Hill teaches much of our nation about harassment, a costly lesson

ROGER SIMON

October 13, 1991|By ROGER SIMON

WASHINGTON -- Tell me she lied.

Tell me Anita Hill made the whole thing up.

Tell me you believe her to be a schemer, a vixen, a liar and a tramp.

You cannot. Deep in your heart, you cannot.

It was not only what Anita Hill said, but the way she said it that has doomed Supreme Court nominee Clarence Thomas.

Hill was not only composed, she was unshakable. Time and again, she was a rock upon which hostile senators foundered.

After hours of nitpicking, they could not lay a glove on her. The tedious cross-examination of Hill by Sen. Arlen Specter, R-Pa., might have made sense in a court of law, but it made no sense in the court of public opinion.

He scored no points. Thousands of Americans listened to him and realized why they were so happy they had never become lawyers.

And what of Clarence Thomas? It was not merely Anita Hill's charges he attacked, which was certainly his right, but the fact that Hill was allowed to make the charges at all.

He called it a "national disgrace" reserved for "uppity blacks." It was, he said, a "lynching."

But if it was a lynching, I think you will find Thomas' fingerprints on the rope.

Given, however, that the testimony amounts to a he said/she said dispute, what did Hill really accomplish?

She has caused this country to go through the nearest thing we have ever had to national group therapy.

Sexual harassment has, for the first time, been made a national priority. It is now something not only to be discussed and understood but to be rooted out and destroyed.

A price was paid.

It was not an easy week for anyone and there are many to feel sorry for -- including Clarence Thomas. But I could not help feeling the most sorry for two people who sat silently behind Anita Hill in the Senate Caucus Room hour after hour: her parents.

Elderly, dignified, people who had lived their entire lives tilling the soil of rural Oklahoma, they sat in the glare of the TV lights and heard their daughter forced to say the words "penis" and "pubic hair" and "oral sex" and "Long Dong Silver."

It is easy, in a certain sense, to say things before all of America, because you never really see all of America.

But it is very, very hard to say certain things before your own parents. And it must have been agony for Anita Hill.

So why did she do it? Why did she testify? Why did she accuse Clarence Thomas when it would have been so much easier not to?

Because she believed it was right. She believed truth was important.

He said it was not the truth. He said it was a pack of dirty, filthy lies. So how can we really know?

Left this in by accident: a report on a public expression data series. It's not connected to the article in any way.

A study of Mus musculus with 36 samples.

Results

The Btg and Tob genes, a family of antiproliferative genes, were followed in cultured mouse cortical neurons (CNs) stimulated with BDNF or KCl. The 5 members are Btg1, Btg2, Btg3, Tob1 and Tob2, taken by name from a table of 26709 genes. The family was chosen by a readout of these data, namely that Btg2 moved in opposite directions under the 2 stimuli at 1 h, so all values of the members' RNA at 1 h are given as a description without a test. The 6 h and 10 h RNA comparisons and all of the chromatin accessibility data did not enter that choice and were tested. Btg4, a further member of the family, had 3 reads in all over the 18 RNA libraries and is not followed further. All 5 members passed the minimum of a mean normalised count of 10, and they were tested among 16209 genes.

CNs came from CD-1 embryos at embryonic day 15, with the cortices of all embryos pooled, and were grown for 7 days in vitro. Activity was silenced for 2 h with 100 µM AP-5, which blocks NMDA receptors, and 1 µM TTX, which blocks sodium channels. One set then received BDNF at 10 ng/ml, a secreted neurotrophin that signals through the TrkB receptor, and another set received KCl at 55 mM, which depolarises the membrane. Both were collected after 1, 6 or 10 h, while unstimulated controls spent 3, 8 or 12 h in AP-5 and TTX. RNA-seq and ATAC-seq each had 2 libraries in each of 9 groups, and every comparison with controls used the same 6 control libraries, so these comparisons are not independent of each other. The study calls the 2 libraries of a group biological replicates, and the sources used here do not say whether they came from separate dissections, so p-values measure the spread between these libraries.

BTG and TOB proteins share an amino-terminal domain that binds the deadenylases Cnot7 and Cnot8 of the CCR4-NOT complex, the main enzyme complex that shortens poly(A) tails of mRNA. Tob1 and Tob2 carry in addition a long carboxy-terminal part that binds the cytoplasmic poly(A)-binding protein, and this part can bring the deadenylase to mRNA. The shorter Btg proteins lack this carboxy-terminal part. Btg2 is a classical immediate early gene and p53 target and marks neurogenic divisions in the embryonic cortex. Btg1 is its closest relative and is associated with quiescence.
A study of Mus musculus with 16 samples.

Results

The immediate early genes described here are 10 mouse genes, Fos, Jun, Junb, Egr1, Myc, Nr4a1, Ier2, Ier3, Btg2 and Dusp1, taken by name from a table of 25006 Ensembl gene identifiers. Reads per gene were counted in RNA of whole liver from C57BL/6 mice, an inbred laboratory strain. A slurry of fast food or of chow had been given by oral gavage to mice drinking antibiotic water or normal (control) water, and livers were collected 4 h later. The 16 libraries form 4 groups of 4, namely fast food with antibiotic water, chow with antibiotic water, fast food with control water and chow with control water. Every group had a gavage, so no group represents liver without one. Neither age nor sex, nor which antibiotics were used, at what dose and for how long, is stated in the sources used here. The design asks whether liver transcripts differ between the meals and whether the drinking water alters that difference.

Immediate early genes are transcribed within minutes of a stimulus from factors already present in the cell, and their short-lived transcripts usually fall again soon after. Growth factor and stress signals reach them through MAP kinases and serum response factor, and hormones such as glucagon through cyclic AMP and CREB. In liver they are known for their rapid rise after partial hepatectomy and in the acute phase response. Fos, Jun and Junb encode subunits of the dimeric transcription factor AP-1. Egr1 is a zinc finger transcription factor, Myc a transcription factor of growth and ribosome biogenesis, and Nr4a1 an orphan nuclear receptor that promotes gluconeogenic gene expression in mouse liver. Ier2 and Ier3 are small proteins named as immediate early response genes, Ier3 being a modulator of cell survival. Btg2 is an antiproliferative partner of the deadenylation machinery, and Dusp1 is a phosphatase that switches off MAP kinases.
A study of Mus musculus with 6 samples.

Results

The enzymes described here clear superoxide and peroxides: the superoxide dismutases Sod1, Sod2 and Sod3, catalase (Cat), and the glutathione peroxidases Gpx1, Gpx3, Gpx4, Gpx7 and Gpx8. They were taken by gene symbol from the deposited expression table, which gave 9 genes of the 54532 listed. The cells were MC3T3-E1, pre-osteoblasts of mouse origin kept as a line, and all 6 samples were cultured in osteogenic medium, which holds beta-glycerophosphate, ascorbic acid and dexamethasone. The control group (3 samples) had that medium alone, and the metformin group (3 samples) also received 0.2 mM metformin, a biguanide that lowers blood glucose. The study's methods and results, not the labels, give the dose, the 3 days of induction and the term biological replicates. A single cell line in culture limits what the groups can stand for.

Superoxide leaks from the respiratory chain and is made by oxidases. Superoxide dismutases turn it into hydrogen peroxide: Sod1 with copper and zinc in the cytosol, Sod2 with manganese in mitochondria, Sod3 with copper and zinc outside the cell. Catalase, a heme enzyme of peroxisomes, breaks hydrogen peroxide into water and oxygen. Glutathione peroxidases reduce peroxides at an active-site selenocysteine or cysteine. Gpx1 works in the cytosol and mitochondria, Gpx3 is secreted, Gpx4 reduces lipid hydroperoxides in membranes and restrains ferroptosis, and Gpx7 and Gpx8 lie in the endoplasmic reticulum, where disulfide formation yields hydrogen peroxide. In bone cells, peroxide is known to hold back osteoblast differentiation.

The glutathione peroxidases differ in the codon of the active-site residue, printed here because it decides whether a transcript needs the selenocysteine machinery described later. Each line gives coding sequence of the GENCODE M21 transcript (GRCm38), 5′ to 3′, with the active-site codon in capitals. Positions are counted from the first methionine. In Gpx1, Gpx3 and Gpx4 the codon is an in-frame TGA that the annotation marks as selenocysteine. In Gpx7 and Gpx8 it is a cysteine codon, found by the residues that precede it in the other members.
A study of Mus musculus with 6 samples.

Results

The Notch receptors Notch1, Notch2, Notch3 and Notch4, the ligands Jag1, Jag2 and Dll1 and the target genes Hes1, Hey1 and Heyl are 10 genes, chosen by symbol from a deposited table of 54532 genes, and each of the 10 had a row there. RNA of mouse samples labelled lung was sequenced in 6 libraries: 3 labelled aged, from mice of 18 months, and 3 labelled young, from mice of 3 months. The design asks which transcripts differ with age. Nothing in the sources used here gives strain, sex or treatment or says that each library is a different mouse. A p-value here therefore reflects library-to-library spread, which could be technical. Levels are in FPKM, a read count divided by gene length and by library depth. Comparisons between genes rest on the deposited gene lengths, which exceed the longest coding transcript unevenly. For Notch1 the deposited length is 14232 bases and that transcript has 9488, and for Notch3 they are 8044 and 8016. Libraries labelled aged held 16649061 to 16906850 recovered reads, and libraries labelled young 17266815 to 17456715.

I know a judge, a man of wisdom and experience, who once told me how he judged the credibility of conflicting witnesses.

"It's one of the phrases they teach you in law school," he said. "Cui bono? Who benefits? You ask yourself who benefits from the story they tell."

So who benefits here? Clarence Thomas made an impassioned denial, his baritone voice vibrating with anger. How does he benefit from doing so? He stands a chance -- though seemingly slim -- to be elevated to the highest court in the land.

What is Anita Hill's benefit from accusing him? Publicity? Attention? Did she look like she enjoyed saying the things she said in public? Do we expect to see her next week making a commercial for No Excuse jeans?

Or is she a liberal zealot, hell-bent on keeping Thomas off the court? This is hard to believe. She was, after all, a professor of law at Oral Roberts University, one of the most intensely right-wing institutions in the land.

Perhaps, as some tried to charge, she is caught up in a world of fantasy, making up wild charges from the twisted depths of her )) imagination.

But when she was asked questions under enormous pressure, did she seem to be inventing or did she seem to be remembering? Did she seem to answer honestly, even when her answers could have been improved?

At the end of her testimony there was some warm praise for her. Praise for the "service" she performed.

But that service was like the service that comes because of a fatal plane crash: It takes a tragedy to move us to action.

BTC For many days now, women have been saying the same thing about men and sexual harassment: "They don't get it. They just don't get it."

I don't believe it. I think sexual harassers get it just fine. They have gotten it for years. They know what it is like to repeatedly talk dirty to a woman in order to see her squirm or to see her nervously laugh in an attempt to be "one of the boys."

They know what it is like to touch a woman employee or pat her or maul her in order to see the fear and helplessness in her eyes.

Men who sexually harass women understand sexual harassment very well. They understand it and they revel in it. I have never met a reptile who did not know he was one.